We live in a high-tech, high-touch, instant-gratification society and have conditioned ourselves to believe we need the next best thing…now, no matter the cost.
An increasing trend over the past decade is spending money on experiences over material goods. Surprisingly recent data supports that life experiences provide more lasting pleasure than material things… people [are] still… prioritizing material goods over experiences. Professor Ryan T. Howell, an associate professor of psychology at San Francisco State University, found that people believe material goods give them more value for their money, yet when reflecting on purchases of experiences and material goods, the experiences were found to provide better value.
So if this is true, for what reasons do we not invest more on experiences compared to material goods? Instant gratification! Tangible objects provide misconceptions that since we are able to use the object, it is a better value for our money. The fleeting idea of an experience propels us towards spending money on items we can possess for a longer period of time than say a week’s vacation. Interestingly, the concept of this comparison is factually true, the purchased good will last longer than the experience, but not psychologically true.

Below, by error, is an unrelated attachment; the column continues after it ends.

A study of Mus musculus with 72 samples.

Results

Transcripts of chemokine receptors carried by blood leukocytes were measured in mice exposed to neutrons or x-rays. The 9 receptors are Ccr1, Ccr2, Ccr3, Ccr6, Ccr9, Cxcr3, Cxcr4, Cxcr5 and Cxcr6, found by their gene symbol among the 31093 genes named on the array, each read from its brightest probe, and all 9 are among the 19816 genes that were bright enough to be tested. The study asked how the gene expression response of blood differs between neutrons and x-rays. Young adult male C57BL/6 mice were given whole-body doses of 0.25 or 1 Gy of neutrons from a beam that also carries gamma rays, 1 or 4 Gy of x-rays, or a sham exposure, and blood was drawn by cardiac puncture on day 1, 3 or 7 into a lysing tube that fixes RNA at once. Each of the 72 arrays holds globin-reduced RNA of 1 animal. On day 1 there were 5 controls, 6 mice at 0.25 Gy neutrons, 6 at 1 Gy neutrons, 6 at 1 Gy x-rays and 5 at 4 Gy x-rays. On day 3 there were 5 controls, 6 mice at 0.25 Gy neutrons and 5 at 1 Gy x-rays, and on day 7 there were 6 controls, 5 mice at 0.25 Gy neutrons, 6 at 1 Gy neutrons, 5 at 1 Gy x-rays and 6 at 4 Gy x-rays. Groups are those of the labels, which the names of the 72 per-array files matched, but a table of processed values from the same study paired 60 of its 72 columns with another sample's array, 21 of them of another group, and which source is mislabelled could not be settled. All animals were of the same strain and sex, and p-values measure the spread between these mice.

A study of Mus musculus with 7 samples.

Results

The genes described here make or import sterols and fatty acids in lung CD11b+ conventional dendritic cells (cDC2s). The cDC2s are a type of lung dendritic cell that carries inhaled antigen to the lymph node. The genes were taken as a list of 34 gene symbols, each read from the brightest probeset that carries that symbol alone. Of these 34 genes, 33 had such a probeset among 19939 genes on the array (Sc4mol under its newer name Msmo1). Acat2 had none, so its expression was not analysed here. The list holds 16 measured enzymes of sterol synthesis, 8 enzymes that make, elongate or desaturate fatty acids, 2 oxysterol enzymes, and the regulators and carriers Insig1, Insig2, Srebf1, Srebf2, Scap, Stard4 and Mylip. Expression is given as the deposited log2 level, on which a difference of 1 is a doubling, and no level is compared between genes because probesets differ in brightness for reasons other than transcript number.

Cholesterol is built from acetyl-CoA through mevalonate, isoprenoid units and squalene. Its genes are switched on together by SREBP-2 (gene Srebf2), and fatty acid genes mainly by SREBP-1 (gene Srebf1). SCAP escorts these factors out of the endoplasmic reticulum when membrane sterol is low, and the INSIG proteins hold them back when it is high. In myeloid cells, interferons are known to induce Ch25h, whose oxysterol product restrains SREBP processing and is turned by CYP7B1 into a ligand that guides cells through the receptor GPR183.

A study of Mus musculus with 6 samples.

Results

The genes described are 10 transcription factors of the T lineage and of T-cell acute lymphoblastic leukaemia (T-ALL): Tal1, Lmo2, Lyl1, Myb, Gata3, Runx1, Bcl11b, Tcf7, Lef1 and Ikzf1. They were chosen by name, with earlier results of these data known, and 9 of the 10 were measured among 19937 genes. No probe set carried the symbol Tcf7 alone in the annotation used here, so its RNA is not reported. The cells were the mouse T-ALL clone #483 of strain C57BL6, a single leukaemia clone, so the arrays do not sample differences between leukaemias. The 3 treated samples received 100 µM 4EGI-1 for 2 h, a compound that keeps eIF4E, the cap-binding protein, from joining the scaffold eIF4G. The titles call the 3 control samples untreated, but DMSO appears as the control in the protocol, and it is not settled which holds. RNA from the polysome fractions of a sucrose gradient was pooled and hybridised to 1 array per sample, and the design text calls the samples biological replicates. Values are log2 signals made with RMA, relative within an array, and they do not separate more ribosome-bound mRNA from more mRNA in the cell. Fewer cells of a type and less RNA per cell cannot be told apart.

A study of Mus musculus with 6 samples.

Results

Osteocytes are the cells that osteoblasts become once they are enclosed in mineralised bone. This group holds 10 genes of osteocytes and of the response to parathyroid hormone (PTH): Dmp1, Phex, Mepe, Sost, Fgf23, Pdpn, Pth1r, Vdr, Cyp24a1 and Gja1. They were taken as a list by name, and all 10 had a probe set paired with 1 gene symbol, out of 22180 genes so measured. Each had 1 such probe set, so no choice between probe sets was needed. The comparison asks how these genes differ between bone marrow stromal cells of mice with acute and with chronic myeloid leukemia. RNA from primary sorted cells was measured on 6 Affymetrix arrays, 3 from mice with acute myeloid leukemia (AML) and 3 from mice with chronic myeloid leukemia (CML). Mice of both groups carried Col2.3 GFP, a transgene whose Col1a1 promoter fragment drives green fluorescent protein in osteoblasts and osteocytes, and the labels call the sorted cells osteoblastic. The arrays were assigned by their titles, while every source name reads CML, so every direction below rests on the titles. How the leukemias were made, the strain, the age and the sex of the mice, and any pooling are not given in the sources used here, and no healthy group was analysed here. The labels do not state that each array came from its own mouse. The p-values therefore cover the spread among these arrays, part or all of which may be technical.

According to Scientific American Mind, approaching an immediate reward causes soaring levels of dopamine, a feel good neurotransmitter, whereas levels start to decline while receiving the reward.
When you consider child development, it is harder to convince a toddler to opt for an experience as they impulsively want the tangible toy that is likely to be tossed aside once the next new one emerges. As we grow, our experiences make us who we are. The more experiences, especially rich ones that expand our horizons and open our minds, the better.
Let’s learn a lesson here. As we contemplate the next best thing, consider how an experience might add to your repertoire of life. Which one will you value more as life’s path continues?